James pictures these disenfranchised Israelites as “falling into” trials. The phrase “falling into” might be better translated “encountering.” It is the same term used in the story of the good Samaritan of the man who “fell among thieves.”
By the use of these words, it is obvious that the suffering believers were not overtaken by some sinful activity or temptation. Rather, they were being exploited and slandered and litigated by the rich. God was allowing these experiences to strengthen and mature their faith.
For the Jews, the trials were packaged as persecution. For us today, they could be any number of things: the loss of a job, a divorce, trouble with our children, severe financial strain, illness or death in the family, or relational problems over which we have little control.
It would be easy for us to reason that since we are not experiencing any difficulty at this time, such teaching on trials is not applicable to us. But please note that James does not say if you encounter trials, but when you encounter trials.
And when these inevitable trials come, our first strategy, according to James, is to consider it all joy.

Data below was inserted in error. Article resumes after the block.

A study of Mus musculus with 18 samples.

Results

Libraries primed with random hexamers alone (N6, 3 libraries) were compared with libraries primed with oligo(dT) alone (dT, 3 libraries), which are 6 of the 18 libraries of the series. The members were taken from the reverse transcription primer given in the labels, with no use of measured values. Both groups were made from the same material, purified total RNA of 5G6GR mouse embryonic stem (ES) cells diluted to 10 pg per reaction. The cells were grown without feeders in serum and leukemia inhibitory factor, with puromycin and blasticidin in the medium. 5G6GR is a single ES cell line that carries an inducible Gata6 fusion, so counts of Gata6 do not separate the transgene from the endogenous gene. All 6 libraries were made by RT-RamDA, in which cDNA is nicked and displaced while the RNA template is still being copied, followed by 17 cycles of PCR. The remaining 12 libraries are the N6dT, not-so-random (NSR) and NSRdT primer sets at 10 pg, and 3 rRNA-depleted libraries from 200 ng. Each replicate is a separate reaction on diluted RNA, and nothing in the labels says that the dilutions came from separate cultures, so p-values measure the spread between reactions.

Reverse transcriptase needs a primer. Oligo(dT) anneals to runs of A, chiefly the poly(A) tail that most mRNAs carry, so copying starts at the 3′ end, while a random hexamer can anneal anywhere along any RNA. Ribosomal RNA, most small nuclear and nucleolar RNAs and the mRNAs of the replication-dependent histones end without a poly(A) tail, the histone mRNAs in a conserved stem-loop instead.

To consider it all joy in the midst of our trials is to respond with a deliberate, intelligent appraisal of our situation. We must learn to look at the experience from God’s perspective and recognize the trial not as a happy experience in itself but as a means of producing something very valuable in life.
Philip Yancey helps us to understand this often-misunderstood concept:
“’Rejoicing in suffering’ does not mean Christians should act happy about tragedy and pain when they feel like crying. Such a view distorts honesty and true expression of feelings. Christianity is not phony. The Bible’s spotlight is on the end result, the use God can make of suffering in our lives. Before He can produce that result, however, He first needs our commitment of trust in Him, and the process of giving Him that commitment can be described as rejoicing.”
As you live in the present consider the future, think forward to the future. Gloom now, but glory in the days to come.